Storyspace 3.1: a world of difference

Ever since Eastgate Systems released Storyspace 3, I have been thinking how amazing it is that it has not only made it to El Capitan, but what a joy it is to use again. I developed and supported a range of CAD/CAM applications for Classic Mac OS from 1989 until 2001, when the arrival of OS X would have required their complete rewriting. I know the long weeks of long days and nights, the enduring effort and many frustrations of developing for an operating system that often seems more like quicksilver than bedrock.

So over the months that I have been using Storyspace 3, then 3.0.1 in December 2015, and posting tutorials and demos here, it was no surprise that a few minor warts and frustrations started to grow. As they do when you use any software. Then, back in March came Tinderbox 6.5, which felt so much smoother. Some of the recent features which had been added to Tinderbox, in particular the Go Back command, seemed so valuable in Storyspace it was a little frustrating that they weren’t there, yet.

Ironically, when Eastgate released Storyspace 3.1, I had little time to do anything more than upgrade, and checked that it worked. Now that I have had a few more hours using it, I realise the transformation which has taken place. All those warts and frustrations have gone – and it has grown a Go Back command to boot.

At the moment, and one of the reasons for my time being even more pressed than usual, I am grappling with Masaccio’s short but dazzling career as a painter. If you read the painting pages here, you will have noticed how this was reflected in a recent flurry of articles. They are but the tip of an iceberg in terms of reading and research.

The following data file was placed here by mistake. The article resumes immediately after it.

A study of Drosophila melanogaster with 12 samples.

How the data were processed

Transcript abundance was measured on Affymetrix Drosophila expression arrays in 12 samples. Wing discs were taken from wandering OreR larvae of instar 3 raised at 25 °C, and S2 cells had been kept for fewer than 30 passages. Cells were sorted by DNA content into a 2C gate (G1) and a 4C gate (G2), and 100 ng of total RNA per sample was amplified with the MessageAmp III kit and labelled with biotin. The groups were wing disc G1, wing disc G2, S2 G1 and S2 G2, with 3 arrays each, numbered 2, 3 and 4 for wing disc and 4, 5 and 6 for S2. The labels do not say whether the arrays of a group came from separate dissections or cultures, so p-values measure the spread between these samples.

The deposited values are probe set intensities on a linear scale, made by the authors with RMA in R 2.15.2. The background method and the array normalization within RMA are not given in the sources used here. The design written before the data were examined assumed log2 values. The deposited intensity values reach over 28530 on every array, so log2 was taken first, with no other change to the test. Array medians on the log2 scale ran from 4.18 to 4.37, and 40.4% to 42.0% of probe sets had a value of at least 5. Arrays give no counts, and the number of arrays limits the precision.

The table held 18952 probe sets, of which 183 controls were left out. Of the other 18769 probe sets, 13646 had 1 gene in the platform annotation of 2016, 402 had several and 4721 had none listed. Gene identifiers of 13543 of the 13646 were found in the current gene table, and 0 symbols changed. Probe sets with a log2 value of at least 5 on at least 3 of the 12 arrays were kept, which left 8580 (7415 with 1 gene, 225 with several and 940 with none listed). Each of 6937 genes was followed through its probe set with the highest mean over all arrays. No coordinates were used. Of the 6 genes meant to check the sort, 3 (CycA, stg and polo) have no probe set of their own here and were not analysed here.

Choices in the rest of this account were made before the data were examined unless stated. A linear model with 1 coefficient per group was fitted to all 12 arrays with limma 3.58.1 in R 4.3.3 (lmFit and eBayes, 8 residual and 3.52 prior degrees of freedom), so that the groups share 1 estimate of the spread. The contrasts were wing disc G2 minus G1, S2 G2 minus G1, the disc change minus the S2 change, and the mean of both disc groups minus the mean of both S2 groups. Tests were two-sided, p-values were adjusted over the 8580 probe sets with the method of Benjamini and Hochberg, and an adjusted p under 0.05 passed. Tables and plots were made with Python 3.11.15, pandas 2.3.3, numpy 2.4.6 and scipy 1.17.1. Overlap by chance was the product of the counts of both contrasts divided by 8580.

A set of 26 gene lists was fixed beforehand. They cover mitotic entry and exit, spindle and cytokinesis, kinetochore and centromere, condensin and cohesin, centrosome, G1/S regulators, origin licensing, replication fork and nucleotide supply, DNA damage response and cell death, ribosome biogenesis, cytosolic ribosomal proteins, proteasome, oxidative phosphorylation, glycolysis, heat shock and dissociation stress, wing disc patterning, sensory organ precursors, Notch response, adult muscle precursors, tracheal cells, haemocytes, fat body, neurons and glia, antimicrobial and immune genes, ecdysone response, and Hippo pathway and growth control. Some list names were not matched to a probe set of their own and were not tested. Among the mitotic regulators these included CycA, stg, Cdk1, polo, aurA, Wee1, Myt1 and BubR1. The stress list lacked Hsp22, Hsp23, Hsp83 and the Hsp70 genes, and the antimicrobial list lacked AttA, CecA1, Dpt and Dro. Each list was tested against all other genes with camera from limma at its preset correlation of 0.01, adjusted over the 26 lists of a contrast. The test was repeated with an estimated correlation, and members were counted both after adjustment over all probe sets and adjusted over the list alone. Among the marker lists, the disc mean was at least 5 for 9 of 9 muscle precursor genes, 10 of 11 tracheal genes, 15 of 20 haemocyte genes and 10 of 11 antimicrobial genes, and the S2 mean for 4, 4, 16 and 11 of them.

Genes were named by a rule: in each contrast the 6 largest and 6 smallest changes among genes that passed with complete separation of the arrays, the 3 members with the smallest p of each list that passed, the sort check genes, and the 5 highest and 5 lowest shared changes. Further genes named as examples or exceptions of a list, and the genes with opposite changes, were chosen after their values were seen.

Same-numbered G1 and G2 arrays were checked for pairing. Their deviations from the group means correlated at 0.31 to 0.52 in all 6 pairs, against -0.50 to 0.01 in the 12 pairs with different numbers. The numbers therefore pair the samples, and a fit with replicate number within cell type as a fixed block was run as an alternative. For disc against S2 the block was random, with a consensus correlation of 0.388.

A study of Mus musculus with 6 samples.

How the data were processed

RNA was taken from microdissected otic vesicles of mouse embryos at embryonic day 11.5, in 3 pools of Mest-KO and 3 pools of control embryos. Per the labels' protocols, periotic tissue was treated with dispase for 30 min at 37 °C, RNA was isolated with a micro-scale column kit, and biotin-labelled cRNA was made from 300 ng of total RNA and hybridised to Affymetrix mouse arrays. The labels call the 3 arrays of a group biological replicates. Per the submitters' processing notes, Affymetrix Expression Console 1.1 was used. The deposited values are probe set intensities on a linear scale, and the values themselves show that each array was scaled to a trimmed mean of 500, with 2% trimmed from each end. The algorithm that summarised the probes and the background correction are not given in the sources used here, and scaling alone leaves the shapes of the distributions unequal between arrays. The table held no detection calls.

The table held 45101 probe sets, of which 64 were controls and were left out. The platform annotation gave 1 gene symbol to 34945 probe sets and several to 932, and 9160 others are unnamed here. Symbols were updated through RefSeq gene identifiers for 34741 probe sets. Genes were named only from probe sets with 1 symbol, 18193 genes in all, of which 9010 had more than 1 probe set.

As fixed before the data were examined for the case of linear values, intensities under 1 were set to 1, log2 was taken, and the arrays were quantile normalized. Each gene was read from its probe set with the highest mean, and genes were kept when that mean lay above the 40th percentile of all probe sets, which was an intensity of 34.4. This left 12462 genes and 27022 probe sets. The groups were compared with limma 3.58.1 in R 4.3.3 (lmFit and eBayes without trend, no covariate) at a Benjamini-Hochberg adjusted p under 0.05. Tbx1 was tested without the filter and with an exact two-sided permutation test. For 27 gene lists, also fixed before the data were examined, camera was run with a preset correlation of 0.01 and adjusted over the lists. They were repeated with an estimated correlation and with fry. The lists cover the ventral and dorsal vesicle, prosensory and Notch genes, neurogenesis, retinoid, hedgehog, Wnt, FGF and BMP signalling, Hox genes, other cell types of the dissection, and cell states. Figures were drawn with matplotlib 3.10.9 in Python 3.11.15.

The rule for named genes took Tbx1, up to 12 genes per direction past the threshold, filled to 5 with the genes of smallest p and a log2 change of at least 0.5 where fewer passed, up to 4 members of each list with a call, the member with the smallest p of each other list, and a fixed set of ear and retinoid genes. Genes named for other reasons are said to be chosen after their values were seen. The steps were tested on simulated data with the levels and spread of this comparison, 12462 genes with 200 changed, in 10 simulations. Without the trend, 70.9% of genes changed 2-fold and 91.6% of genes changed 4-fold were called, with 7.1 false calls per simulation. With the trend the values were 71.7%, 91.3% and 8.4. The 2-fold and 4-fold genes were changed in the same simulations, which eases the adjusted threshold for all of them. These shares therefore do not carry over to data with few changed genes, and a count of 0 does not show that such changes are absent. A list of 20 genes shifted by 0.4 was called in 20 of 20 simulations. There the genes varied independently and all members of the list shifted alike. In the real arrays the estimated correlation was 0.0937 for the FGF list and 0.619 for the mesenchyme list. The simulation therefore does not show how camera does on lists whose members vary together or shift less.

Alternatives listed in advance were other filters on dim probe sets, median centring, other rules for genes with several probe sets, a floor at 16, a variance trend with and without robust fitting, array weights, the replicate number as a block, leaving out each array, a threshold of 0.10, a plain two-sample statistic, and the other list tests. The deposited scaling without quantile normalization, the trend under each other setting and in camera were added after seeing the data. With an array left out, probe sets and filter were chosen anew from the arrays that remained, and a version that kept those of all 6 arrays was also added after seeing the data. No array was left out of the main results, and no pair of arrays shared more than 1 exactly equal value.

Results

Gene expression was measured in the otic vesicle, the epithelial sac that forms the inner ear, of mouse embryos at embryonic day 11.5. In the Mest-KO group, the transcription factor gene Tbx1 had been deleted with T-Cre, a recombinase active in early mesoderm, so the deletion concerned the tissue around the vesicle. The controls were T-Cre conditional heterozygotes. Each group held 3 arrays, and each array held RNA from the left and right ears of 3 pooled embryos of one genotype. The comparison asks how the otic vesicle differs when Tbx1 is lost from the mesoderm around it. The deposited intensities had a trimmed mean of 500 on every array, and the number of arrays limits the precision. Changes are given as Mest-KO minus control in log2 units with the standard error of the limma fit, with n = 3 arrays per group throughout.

I am currently trying to get my head around the timeline of his work. We may only have seven substantive pieces of work by him (his panels for the Polyptych of Pisa, and paintings in the Brancacci Chapel counting as one each), but they were all completed between 1422 and his death in the summer or autumn of 1428. Working out the order in which he painted them, and when, is something of a conundrum.

This is only part of my project, but a central part. To help me I have a small library of books and articles, each of which proposes different sets of dates. I need to work through the possibilities and the evidence, then flesh that out with his movements and other events, into a hypertext narrative. This needs to integrate with his collaborator in some of those paintings, Masolino, and events in Florence.

For a pure timeline, the new version of Aeon Timeline looks excellent, but it only does timelines. Storyspace will take me on to the hypertext narrative too, like no other product.


I have started in my usual way, scaling images of paintings (at least with Masaccio we don’t have so many of them to worry about), and using GraphicConverter ensuring that they all use a 72 dpi resolution. That ensures that they get scaled properly when dropped into a writing space.


This time I have been even more structured with my prototypes: there is a generic painting prototype, then derived from that I have a prototype for Masaccio, another for Masolino, and a fourth for Filippino Lippi (who was commissioned around 50 years later to finish off the Brancacci Chapel). Each is set to use a contrasting colour to maintain contrast and clarity.


This Map view looks even more gorgeous than those I have created before, and shows Masaccio’s entire surviving output. Where he and Masolino collaborated, I have simply duplicated the writing space, edited the titles, and switched one to use the masolino prototype instead of masaccio.


This is the timeline using the dates most commonly accepted for Masaccio’s paintings, as given for example by JT Spike in his monograph. More recent evidence, particularly that from detailed examination of his panel paintings, proposes quite a different timeline. I hope that it looks a bit more feasible.

Timelines were one of the more juddery parts of Storyspace 3.0.1. Getting them to scale and rescale correctly sometimes required a fair bit of twiddling and tweaking. That has changed completely now: they are really smooth and scale perfectly. Similarly, setting up divided windows no longer requires iterative adjustment, but works properly.

This has only been a brief encounter with Storyspace 3.1, but it feels hugely improved, and much more like its sibling Tinderbox 6.5. I am eagerly looking forward to implementing references using the Go Back command, for example: they were clumsy at best without Go Back, and now should be quick, slick, and simple.

Storyspace 3.1 makes a world of difference.